Ben-Hur review – a pointless remake of a classic film

by | 7 Sep 2016 | Film Reviews

‘Judah Ben-Hur, a Jewish prince is falsely accused of treason by his brother, an officer in the Roman army.’

It seems Hollywood really has ran out of ideas as it releases what is the fifth adaptation of Lew Wallace’s 1880 novel, ‘Ben-Hur: A Tale of the Christ’, and that’s not including the TV mini-series. In fact, it’s the third adaptation, not the original, that’s held in such high regard. Directed by William Wyler and staring Charlton Heston, 1959’s Ben-Hur won eleven academy awards including best picture, director and actor and is considered one of the greatest classic films of all time, no doubt helped by that famous chariot racing climax, which it is probably most remembered for. It’s proof that not all remakes are terrible copies of what came before.

When done properly, remakes can produce great contributions to cinema. Films like John Carpenter’s The Thing (1982) or David Cronenberg’s The Fly (1986) show that by building on the original or taking a different direction with the story, and adding a different twist, they can produce something original and fresh.

What also helped was that those films, although good, still had potential that wasn’t realised and had something to improve on. Unfortunately many of these films are the exception and most remakes are hollow, lifeless imitators of the original. Timur Bekmambetov’s Ben-Hur is not one of those exceptions.

Set in Jerusalem during the height of the Roman empire, Jewish prince Judah Ben-Hur (Jack Huston) and his Roman adopted brother Messala (Toby Kebbell) live relatively peaceful lives until the latter joins the Roman army and loyalties are tested. When Messala asks for information on Jewish rebels and Ben-Hur refuses, he sends him into slavery on the gallows where for five years he lives in utter hardship, sustained by hate and waiting for his chance at revenge, which includes Morgan Freeman’s Nubian Sheik, some horses and a chariot. Similar to its predecessor, there’s also secondary storyline running parallel, that of Jesus of Nazareth.

There are numerous problems with this film. Firstly, to keep the runtime down, a lot has been chopped out and big chunks of the story are missing, which sadly produce some obvious plot holes and creates a messy narrative with some incoherence. It also takes away that epic feel and grand scale the 1959 version had with its three and a half hour runtime, making everything feel very rushed and forced.

Also character motivations are spelt out for us with on-the-nose dialogue and heavy exposition instead of allowing the performances to do the heavy lifting and giving the audience some credit and letting them figure out what’s going on themselves. It also has a dull pace and can be boring in places with things not really picking up until the schism takes hold between the brothers and Ben-Hur is sent off to the gallows.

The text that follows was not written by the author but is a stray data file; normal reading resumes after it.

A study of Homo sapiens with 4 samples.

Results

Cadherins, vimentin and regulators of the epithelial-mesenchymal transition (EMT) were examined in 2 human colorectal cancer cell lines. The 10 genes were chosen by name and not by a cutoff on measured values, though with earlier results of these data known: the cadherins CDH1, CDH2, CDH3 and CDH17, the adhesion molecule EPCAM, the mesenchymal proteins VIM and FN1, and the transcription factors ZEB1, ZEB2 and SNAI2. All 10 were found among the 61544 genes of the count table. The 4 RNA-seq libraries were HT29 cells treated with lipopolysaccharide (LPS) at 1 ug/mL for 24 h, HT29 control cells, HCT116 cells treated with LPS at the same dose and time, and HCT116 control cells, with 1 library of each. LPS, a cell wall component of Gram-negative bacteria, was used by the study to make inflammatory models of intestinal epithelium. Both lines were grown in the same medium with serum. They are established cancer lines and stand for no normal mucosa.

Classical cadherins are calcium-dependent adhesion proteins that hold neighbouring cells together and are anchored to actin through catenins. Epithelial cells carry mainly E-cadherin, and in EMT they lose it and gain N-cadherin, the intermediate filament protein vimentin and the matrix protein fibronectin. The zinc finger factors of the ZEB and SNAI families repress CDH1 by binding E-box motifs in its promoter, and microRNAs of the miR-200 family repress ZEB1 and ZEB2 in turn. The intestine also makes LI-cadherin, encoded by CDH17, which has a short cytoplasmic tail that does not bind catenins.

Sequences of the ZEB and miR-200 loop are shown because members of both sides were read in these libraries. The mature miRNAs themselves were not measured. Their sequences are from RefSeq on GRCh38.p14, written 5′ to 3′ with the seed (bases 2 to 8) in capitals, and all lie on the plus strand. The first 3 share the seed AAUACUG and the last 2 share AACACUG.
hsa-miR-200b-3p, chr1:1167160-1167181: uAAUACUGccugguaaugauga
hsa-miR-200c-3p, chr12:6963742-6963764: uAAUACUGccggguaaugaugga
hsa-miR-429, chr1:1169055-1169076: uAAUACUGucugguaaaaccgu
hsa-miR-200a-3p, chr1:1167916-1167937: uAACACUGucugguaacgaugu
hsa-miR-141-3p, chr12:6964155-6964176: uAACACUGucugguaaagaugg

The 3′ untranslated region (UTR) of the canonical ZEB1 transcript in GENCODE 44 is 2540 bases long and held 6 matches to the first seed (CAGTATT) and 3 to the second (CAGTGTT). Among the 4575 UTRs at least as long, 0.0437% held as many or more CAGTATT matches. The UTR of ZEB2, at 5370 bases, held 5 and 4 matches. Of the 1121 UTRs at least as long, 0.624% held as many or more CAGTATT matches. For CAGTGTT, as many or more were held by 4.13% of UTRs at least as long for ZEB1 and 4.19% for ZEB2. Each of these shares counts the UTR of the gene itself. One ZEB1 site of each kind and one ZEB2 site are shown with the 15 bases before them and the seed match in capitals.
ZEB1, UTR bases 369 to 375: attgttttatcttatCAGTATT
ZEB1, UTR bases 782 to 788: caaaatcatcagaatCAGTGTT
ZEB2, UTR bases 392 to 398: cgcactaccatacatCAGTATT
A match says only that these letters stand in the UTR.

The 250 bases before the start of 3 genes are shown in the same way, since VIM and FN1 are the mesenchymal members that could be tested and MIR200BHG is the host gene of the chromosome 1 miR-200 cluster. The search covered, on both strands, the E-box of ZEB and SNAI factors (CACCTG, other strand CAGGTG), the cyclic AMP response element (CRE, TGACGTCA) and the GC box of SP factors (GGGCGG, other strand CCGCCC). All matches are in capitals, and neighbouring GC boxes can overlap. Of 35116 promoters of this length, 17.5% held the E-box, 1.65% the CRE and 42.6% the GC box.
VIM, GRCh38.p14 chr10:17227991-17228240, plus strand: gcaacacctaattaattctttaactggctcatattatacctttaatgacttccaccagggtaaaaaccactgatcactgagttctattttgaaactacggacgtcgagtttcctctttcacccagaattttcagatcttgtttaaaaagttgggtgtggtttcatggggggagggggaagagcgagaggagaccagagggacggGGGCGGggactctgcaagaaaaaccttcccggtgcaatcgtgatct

The central performances are okay but at best can be described as functionary, and hardly any time is given over to developing that brotherly relationship between Ben-Hur and Messala. Huston and Kebbell do their best with the material but ultimately Bekmambetov seems more interested in ticking the remake boxes than actually investing in believable characters we can get behind or care about. Even Morgan Freeman’s pretty much on auto-pilot mode playing that older mentor role that he can do in his sleep by now, just with added dreadlocks.

When it comes to the action, there’s really only two major set pieces which at most, are subpar imitations and don’t really add anything new. Saying that, the gallows scene is handled well and Bekmambetov is able to muster quite a visceral experience which will quicken the pulse.

Also, it wouldn’t be a Ben-Hur remake without that famous chariot race but regrettably, all we get is a rehash of what is considered one of the great action set pieces of cinema history, as if Bekmambetov thinks by adding green screen and CGI, can make a better viewing experience.

He forgets that what the made the 1959 version of that set piece better is it’s all practically done, with a lot of care and hard work gone into making that scene happen; it’s no mistake it won those award for cinematography and special effects. Also, because the main characters weren’t developed that well in Bekmambetov’s version, it’s hard to really get pulled into what is supposed to be this grand climatic finale the film’s been building to.

‘Considering what came before is so revered and well regarded, it makes this new attempt at Ben-Hur so clearly pointless and unnecessary, and it reeks of a cash grab.’

Even if it was a good film, it would always be tarnished by what it precedes. With a messy plot, a poor script and some cheap imitated action scenes, all it does is remind us that there’s a version of this story out there. A film that’s far greater, and you would be better served setting aside a few hours and watching the more superior 1959 version.

David Axcell

Film Critic

David has quite a broad taste in film which includes big budget blockbusters and small indie films; including International and Arthouse cinema. As long as it’s good in that particular genre, he’ll watch anything.